Dr. Erik Carlson offers patients in the Middlebury and greater Waterbury, Connecticut areas, surgical and non-surgical treatment options for thumb arthritis and other degenerative conditions of the hand and fingers at Active Orthopaedics P.C.
There are several different forms of arthritis. Specifically in the thumb joint, the most common type of arthritis in osteoarthritis. Osteoarthritis is also described as "wear and tear" arthritis. Because the thumb is constantly used for daily activities such as gripping, carrying, and opening objects, the joint of the base of the thumb, where it connects with the rest of the hand bones, is susceptible to a large amount of stress. As the joint is used, it wears out, causing inflammation and pain. The joint at the base of the thumb (also called the “basal joint”) is one of the joints most commonly affected by arthritis in the hand.
Osteoarthritis of the thumb is very common. Early symptoms such as pain at the base of the thumb that occurs with gripping or opening items can be initially treated using anti-inflammatory pain medications, hand therapy, and splinting. These interventions are often very successful in the early stages of thumb osteoarthritis. If splinting and medications fail to improve symptoms or pain and disability progresses, injections of a steroid medication can be helpful. If non-surgical treatment fails to improve symptoms, the surgeon may recommend a surgical procedure to eliminate or replace the arthritic joint. When necessary, Dr. Carlson offers a variety of surgical approaches tailored to each individual patient to improve pain and function in patients with thumb arthritis.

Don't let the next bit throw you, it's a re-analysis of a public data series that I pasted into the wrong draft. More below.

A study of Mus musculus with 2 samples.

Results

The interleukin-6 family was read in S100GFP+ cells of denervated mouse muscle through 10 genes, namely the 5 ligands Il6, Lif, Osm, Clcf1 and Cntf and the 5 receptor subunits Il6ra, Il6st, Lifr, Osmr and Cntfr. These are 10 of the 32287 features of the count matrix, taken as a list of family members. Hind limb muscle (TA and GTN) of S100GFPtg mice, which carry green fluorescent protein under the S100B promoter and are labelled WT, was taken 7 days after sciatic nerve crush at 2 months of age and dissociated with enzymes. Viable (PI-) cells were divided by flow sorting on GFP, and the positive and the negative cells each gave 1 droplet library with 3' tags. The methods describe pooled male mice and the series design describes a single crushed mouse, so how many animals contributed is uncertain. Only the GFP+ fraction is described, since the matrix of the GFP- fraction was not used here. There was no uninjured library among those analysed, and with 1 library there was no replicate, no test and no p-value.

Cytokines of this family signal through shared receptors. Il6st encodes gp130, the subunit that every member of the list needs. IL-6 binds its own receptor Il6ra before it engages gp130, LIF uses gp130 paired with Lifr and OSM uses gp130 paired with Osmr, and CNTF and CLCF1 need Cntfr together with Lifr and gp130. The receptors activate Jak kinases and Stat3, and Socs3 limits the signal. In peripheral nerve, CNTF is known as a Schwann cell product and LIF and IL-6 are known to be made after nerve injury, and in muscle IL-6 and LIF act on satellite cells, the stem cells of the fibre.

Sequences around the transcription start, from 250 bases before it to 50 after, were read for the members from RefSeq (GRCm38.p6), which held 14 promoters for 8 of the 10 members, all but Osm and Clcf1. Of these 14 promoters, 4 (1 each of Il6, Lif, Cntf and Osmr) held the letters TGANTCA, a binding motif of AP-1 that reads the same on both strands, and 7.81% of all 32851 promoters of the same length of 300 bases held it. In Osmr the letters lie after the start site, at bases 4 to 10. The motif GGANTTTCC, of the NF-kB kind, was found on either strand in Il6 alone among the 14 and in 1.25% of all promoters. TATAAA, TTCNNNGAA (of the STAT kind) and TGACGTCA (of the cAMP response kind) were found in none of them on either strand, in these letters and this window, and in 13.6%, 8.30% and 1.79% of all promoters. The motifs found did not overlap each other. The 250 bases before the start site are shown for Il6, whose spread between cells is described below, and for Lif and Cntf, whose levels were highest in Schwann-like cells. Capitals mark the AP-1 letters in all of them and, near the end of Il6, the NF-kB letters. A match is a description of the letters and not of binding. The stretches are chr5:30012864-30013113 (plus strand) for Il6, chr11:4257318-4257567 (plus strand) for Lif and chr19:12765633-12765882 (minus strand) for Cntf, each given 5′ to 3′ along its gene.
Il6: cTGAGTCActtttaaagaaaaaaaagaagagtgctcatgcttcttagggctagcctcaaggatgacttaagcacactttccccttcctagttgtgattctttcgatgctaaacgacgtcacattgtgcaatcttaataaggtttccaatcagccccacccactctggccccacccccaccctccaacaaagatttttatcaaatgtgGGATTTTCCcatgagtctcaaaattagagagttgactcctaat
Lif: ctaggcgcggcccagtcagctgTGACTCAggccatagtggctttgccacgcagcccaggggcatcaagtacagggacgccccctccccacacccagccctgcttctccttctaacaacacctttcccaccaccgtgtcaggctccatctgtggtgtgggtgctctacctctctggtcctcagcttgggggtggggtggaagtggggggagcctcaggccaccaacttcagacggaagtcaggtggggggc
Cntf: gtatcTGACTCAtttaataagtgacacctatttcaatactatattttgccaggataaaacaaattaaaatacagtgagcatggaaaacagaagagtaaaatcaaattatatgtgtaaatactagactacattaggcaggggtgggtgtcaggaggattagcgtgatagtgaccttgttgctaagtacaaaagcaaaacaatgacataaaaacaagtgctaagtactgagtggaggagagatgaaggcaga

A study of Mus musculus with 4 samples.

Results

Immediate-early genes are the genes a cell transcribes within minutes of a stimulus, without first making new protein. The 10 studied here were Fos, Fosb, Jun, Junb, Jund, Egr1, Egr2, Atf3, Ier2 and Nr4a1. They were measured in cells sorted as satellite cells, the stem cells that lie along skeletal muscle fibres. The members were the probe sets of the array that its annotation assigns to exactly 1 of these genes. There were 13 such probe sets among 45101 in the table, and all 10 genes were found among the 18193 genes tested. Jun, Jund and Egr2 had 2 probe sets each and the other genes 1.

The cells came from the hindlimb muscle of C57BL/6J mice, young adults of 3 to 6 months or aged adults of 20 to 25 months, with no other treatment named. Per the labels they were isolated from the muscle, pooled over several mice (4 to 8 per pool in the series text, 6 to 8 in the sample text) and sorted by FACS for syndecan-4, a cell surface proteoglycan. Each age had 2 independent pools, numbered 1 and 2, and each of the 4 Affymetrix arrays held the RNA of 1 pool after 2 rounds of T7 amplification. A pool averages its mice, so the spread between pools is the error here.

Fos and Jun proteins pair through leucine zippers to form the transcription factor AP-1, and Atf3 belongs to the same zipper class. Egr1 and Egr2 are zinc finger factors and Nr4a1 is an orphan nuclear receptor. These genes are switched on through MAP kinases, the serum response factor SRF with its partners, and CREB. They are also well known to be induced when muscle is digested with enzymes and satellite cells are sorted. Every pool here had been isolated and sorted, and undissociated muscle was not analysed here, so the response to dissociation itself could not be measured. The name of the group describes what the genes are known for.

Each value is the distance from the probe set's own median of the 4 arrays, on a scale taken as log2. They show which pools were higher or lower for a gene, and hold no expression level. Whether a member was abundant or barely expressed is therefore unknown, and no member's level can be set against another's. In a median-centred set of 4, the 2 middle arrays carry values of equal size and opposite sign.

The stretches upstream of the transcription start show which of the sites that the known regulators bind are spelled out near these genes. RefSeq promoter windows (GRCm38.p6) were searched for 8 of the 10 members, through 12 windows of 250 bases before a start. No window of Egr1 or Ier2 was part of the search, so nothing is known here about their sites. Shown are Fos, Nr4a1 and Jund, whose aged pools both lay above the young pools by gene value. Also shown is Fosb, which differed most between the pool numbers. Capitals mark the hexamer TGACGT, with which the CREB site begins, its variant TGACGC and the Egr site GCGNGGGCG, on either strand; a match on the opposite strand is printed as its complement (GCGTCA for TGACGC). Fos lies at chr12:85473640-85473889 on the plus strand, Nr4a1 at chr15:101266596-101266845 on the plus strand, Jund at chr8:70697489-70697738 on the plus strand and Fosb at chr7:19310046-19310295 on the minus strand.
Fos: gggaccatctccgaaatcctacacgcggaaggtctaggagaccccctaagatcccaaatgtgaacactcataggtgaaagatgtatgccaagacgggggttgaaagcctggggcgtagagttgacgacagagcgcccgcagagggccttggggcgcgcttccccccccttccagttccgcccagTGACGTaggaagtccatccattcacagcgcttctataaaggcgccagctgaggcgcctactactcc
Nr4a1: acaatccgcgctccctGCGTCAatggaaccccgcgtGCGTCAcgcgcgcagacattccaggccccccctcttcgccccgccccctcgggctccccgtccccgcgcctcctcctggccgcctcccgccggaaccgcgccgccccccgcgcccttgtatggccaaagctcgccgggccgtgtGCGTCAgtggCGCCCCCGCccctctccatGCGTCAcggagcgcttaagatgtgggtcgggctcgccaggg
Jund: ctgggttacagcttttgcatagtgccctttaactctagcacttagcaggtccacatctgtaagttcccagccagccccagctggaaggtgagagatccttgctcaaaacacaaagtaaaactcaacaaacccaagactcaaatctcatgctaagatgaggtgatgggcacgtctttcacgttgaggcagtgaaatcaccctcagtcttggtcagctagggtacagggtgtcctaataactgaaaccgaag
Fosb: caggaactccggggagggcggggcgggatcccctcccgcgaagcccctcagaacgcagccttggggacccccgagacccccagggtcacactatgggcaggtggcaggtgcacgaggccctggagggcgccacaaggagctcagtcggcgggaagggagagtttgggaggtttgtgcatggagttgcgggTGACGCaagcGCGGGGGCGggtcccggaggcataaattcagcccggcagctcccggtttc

Depending on the type of surgical procedure recommended, full recovery time may range from 6 weeks to 6 months. In general, most patients undergoing surgical treatment will require some type of immobilization in a splint or a cast for a few weeks following surgery. After the incision is healed and the splint or cast is removed, hand therapy is usually recommended to restore motion and begin to rebuild the strength of the hand. Therapy may only be necessary for a few weeks, but in severe cases or revision surgery (i.e. a patient’s second or third surgery on the same joint), extended time in therapy may be needed to optimize the outcome.
At Active Orthopaedics, we accept most major insurance plans. Here is a short-list of just some of the most popular plans we accept. Please contact our office if you do not see your insurance provider listed.
"Dr. Carlson was courteous and practical, and ready to propose options. Despite the late Friday hour, he also spent extra time with me to discuss about other concerns."
"I'm walking better than I have in months after my knee surgery. I'd definitely see Dr. Kaplan again should the need arise."